GLASGOW – Right-of-way mowing will be done “in-house” by Barren County in 2020-21 rather than the county contracting with someone to do the work.
The decision to do the mowing in-house was made during a Barren Fiscal Court meeting July 30 with a vote of 6-2 when the fiscal court voted to purchase two John Deere tractors and two John Deere bush hogs from Wright Implement at the state contract price of $122,486.
Whether to do the right-of-way mowing in-house has been something magistrates have discussed quite often recently.
Magistrate Trent Riddle said: “It’s time to make a decision as far as I’m concerned. I’m done with it. I’m done talking about it.”
But before fiscal court could vote on the purchase, Magistrate Carl Dickerson asked if the county needed to advertise for bids to purchase the equipment.
Fiscal court doesn’t have to take bids if the purchase is being done via state contract, and the estimate the fiscal court obtained from Wright Implement is the state contract price, Barren County Judge-Executive Micheal Hale said.
Larry Hunt of Wright Implement participated in the video conference joint meeting of fiscal court’s administrative, budget and transportation committees July 29. He told committee members that Wright Implement is the state-approved vendor and can do the state contract pricing.
Still, Magistrate Kenneth Sartin didn’t think fiscal court should do the mowing in-house.
“I suggest we take bids on the mowing and then if we don’t like it then we buy the tractors,” he said.
Hale advised Sartin that if fiscal court decided to advertise for bids, it would take a couple of weeks before magistrates would receive any bids to review. The earliest that could happen would be Aug. 13.
“I’m just throwing that out there to you,” Hale said. “I don’t think mowing is going to be any cheaper than it was.”
Magistrate Billy Houchens, chairman of fiscal court’s transportation committee, said he thought the cost would continue to increase.
The current right-of-way mowing contractor is charging the county $184,791 for three mowings.
Riddle performed a cost analysis on the mowing of the county’s rights of way.
“The fact of the matter is people are saying we can mow for $36,000 or $38,000 (a year), which is not true. We can’t do that. That is labor cost,” he said. “According to my cost analysis it will cost me around $38,000 a year to mow for labor only. That’s labor and withholdings. We can mow for $65,000. The key to this is going to be finding help. That’s the only kicker about the whole deal.”
To find someone qualified, fiscal court would have to increase the pay for the job, he said.
“We got to make a decision here. We’ve tried it both ways (in-house and subcontracting),” Riddle said, adding he received complaints when the county did the mowing and when it was subcontracted.
The complaints ranged from mailboxes that had been destroyed to flowers that were mowed down.
During fiscal court’s joint committee meeting July 29, finding someone to do the mowing was also discussed.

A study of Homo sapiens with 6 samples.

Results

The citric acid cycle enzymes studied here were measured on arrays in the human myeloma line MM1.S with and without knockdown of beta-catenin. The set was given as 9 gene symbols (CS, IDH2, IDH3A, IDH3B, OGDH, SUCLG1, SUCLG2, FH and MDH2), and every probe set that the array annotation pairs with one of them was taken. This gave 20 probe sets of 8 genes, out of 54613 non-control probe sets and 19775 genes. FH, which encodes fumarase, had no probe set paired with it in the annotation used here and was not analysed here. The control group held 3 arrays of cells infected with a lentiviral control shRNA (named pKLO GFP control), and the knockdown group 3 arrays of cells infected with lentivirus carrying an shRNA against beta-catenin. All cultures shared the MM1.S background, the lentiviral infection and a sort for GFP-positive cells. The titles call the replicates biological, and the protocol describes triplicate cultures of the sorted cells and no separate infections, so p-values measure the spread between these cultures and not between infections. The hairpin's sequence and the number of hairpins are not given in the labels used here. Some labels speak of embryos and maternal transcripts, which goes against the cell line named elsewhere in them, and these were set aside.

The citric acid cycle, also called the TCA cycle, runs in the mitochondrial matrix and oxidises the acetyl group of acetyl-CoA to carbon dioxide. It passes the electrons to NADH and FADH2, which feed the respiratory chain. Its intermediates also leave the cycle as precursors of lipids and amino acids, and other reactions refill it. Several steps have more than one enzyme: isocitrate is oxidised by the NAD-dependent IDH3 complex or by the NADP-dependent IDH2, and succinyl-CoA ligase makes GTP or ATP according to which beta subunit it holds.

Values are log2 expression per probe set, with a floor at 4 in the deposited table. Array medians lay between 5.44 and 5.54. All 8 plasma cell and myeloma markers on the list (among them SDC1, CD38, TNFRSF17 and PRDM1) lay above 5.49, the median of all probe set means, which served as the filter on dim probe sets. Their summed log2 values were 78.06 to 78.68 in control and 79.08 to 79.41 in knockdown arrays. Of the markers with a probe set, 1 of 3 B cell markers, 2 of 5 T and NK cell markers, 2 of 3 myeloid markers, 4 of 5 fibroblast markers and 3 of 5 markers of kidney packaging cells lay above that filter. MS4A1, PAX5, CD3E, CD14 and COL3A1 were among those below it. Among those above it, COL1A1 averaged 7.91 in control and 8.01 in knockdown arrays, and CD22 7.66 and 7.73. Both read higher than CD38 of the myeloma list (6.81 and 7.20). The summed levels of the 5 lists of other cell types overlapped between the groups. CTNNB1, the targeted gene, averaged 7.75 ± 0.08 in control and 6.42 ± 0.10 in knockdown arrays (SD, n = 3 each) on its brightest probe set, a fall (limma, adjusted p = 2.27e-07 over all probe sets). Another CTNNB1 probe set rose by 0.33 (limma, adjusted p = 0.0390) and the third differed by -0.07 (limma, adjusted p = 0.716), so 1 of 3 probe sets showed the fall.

“I really feel your biggest issue is going to be finding the help. As long as they are paying people money to stay at home and to make more money to stay at home, people are going to stay at home,” Hale said.
Many Kentuckians have been laid off amid the COVID-19 pandemic and are receiving unemployment insurance benefits from the state, and until the end of July those who qualified were receiving an additional $600 per week through the federal CARES Act.
Hale said he thought the county would save money by mowing the rights of way itself, but he encouraged magistrates to think about the liability to the county when doing its own mowing.
Magistrates also discussed July 29 whether anyone employed by the county could do the mowing. Hale said he thought any of the county employees could do the mowing but said using those employees to mow would take them away from other duties, such as chipping and sealing of county roads.
“Hopefully, this new ordinance or resolution we accepted about hiring people out of the county will help some,” Magistrate Tim Coomer said.
Fiscal court adopted a change to the county’s personnel policy on first reading during its July 21 meeting. Fiscal court voted to remove language from the policy requiring county employees to live within the boundaries of the county within three months after their employment.
“Here’s something else. If you look, and I know the word nepotism comes up a lot, but a lot of companies are hiring family members. It may be something we could possibly look into as well,” Hale said.
He continued that the county is having a hard time finding people to work.
“Again that problem is they are giving people enough money to sit at home,” he said.
There is no broad state law addressing nepotism, however, but it is addressed through the state government’s executive branch in the ethics code.
“Essentially, it leaves it up to local government to decide what their policy on nepotism would be,” Barren County Attorney Kathryn Thomas said.
The issue of nepotism is addressed in the Barren County ethics code, which was adopted in March 2015, she said.
According to the ethics code, county employee family members can be hired to work for county government, but they can’t be given preference for a position if a more qualified person has applied for the same position. They also can’t receive pay or benefits in excess of any other employee with similar responsibilities.
The county ethics code also says no county officer can exercise direct management or supervisory authority over a family member, and no family member of a magistrate, county attorney, sheriff, county clerk, coroner, surveyor or constable can be employed by these elected officials’ offices. Employees working in such elected officials’ offices prior to the adoption of the fiscal court are excluded.